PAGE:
Bitcoin plummeted Wednesday and into Thursday

Bitcoin dropped more than 8 percent Thursday after the Federal Reserve published “hawkish” minutes on Wednesday.
Deeply in the red were Ethereum, cardano and binance coin as well as solana and many other cryptocurrencies.
The Fed will reduce its support of the economy, which could spell trouble in risky assets.

Bitcoin fell more than 8% on Thursday. The cryptocurrency market was in red after minutes revealed that the Federal Reserve could soon begin to reduce its support for the economy.

Bitcoin, the world’s largest cryptocurrency by market value, fell 8.6% in the 24 hours that ended at 4.50 a.m. ET on Coinbase, trading at $42,776 BTC dropped more than 35% to close to $69,000 in November, a record high.

Ethereum, the second-largest token, fell more than 12%, to $3,336. Binance coin slumped around 8%, solana dropped roughly 13%, and XRP was about 8% lower.

The crypto selloff began Wednesday, after the Fed released “hawkish” minutes from its December meeting. This showed that the US central bank could tighten its monetary policy more quickly than previously anticipated.

The US central bank announced in December that it would accelerate its reductions in bond purchases and signaled that interest rate would rise in 2022, as it struggles with the highest inflation in 39 years.

The minutes released Wednesday show that policymakers could go further and faster than expected. The central bank could even begin selling bonds it purchased during the coronavirus crisis.

“It may be warranted to raise the federal funds rates sooner or faster than participants had previously anticipated,” they stated.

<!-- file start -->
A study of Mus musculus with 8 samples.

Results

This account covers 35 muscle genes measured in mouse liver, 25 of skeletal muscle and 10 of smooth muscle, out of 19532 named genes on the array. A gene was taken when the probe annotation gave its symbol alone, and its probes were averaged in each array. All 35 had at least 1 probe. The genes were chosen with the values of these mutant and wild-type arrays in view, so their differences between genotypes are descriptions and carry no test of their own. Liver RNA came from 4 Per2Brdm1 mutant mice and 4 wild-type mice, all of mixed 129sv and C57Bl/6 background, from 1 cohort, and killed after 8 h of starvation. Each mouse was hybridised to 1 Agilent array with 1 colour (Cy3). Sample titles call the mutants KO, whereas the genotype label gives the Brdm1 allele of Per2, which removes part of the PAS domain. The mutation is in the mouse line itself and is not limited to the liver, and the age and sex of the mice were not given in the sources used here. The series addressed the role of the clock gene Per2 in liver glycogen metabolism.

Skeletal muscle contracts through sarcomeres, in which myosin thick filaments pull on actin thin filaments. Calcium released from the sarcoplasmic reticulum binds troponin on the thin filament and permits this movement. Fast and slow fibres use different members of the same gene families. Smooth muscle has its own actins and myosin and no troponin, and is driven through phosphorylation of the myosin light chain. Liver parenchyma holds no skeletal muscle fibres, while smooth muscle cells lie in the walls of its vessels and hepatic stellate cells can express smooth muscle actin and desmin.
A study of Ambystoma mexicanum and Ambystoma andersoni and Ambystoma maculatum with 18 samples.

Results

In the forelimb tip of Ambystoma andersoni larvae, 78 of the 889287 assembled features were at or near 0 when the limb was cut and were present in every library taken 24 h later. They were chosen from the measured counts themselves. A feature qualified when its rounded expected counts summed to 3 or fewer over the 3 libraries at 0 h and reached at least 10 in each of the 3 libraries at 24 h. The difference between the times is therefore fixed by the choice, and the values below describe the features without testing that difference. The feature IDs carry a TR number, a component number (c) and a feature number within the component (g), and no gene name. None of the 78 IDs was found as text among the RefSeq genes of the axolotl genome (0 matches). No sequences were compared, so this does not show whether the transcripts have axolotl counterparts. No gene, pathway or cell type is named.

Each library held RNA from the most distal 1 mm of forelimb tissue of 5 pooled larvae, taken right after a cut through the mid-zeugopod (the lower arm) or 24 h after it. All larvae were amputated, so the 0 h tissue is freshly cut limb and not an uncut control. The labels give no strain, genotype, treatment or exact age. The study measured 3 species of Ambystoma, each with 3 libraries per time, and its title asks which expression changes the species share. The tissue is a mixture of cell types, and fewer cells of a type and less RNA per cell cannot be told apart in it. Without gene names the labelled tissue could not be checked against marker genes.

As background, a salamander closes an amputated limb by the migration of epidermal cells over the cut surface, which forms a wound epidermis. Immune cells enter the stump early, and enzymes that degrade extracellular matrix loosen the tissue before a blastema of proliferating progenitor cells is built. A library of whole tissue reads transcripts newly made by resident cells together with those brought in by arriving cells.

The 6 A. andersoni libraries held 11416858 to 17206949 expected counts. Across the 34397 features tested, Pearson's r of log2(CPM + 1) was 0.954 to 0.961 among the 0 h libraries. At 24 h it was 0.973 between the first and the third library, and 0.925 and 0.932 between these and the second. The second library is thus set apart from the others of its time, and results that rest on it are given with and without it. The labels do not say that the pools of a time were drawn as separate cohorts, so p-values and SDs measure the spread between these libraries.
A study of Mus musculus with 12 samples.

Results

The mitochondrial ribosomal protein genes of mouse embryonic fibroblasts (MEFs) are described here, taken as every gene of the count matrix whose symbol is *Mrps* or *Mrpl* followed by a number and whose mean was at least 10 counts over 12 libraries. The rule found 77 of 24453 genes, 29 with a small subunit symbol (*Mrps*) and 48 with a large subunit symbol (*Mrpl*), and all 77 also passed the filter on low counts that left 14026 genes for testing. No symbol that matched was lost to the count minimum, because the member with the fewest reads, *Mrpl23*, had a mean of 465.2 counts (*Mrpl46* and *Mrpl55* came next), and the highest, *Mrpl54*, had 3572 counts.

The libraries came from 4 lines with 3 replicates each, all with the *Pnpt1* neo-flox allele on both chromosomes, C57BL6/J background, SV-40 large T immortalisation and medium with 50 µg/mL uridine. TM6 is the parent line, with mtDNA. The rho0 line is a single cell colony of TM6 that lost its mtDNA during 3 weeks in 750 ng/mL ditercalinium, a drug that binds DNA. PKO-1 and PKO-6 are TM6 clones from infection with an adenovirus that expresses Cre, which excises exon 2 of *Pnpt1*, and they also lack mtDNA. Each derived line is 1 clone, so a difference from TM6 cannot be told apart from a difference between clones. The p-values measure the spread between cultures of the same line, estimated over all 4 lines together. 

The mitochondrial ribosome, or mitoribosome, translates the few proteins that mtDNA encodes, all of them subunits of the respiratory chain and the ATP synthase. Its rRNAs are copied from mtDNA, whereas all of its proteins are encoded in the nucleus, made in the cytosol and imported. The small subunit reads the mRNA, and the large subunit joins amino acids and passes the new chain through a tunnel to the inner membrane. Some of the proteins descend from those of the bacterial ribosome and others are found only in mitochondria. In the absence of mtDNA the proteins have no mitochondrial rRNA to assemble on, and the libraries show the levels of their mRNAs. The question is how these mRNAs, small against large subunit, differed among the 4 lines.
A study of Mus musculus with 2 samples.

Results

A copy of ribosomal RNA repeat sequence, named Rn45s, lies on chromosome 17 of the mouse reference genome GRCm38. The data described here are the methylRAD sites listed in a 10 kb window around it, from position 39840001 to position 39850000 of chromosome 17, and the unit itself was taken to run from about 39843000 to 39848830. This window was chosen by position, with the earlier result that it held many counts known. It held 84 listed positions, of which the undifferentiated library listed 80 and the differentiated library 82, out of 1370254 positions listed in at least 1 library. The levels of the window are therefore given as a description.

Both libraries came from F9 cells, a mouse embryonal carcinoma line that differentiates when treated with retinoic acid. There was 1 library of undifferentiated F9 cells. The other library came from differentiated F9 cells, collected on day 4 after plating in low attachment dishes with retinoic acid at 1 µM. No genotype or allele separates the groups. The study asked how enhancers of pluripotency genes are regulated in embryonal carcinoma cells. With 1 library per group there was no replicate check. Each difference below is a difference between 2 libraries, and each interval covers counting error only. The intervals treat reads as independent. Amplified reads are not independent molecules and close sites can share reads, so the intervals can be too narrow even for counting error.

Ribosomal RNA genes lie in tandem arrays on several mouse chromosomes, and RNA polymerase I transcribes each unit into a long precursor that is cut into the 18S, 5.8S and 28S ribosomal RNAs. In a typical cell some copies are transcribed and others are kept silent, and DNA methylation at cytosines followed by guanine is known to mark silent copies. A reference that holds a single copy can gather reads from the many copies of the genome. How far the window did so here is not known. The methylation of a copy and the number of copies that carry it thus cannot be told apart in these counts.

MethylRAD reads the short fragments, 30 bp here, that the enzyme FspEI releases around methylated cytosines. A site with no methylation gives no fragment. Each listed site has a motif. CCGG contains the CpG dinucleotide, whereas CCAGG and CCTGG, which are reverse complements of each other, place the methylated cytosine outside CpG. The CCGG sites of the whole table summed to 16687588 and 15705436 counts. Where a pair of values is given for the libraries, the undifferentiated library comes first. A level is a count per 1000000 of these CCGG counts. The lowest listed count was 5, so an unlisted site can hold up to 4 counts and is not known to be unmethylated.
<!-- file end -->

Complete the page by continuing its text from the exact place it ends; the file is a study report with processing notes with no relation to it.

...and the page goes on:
Read more: 9 cryptocurrency experts share their investing outlooks in 2022. They range from bitcoin price predictions and high-conviction altcoin picks. What’s next for regulation?

The markets reacted quickly. Bond yields shot up and cryptocurrencies and technology stocks — two asset classes that have benefited the most from the Fed’s ultra-loose monetary policy — got trashed.

Analysts believe that cryptocurrencies and unprofitable tech companies are less attractive due to higher bond yields. Instead, investors are turning to dividend-paying companies that have strong earnings and can benefit from economic expansion and provide good returns if inflation stays high.

Sean Farrell from Fundstrat, head of digital asset management, stated that bitcoin behaves closer to a small tech stock. He stated that the cryptocurrency is still maturing and being used as a “store-of-value.”

Jeffrey Halley is a senior market analyst at Oanda. He said that the “buy anything trade” is dying.

“Young pups … nurtured at the central bank pool of eternal QE … will have to learn the meaning of the term ‘two-way price volatility,'” he said in a note.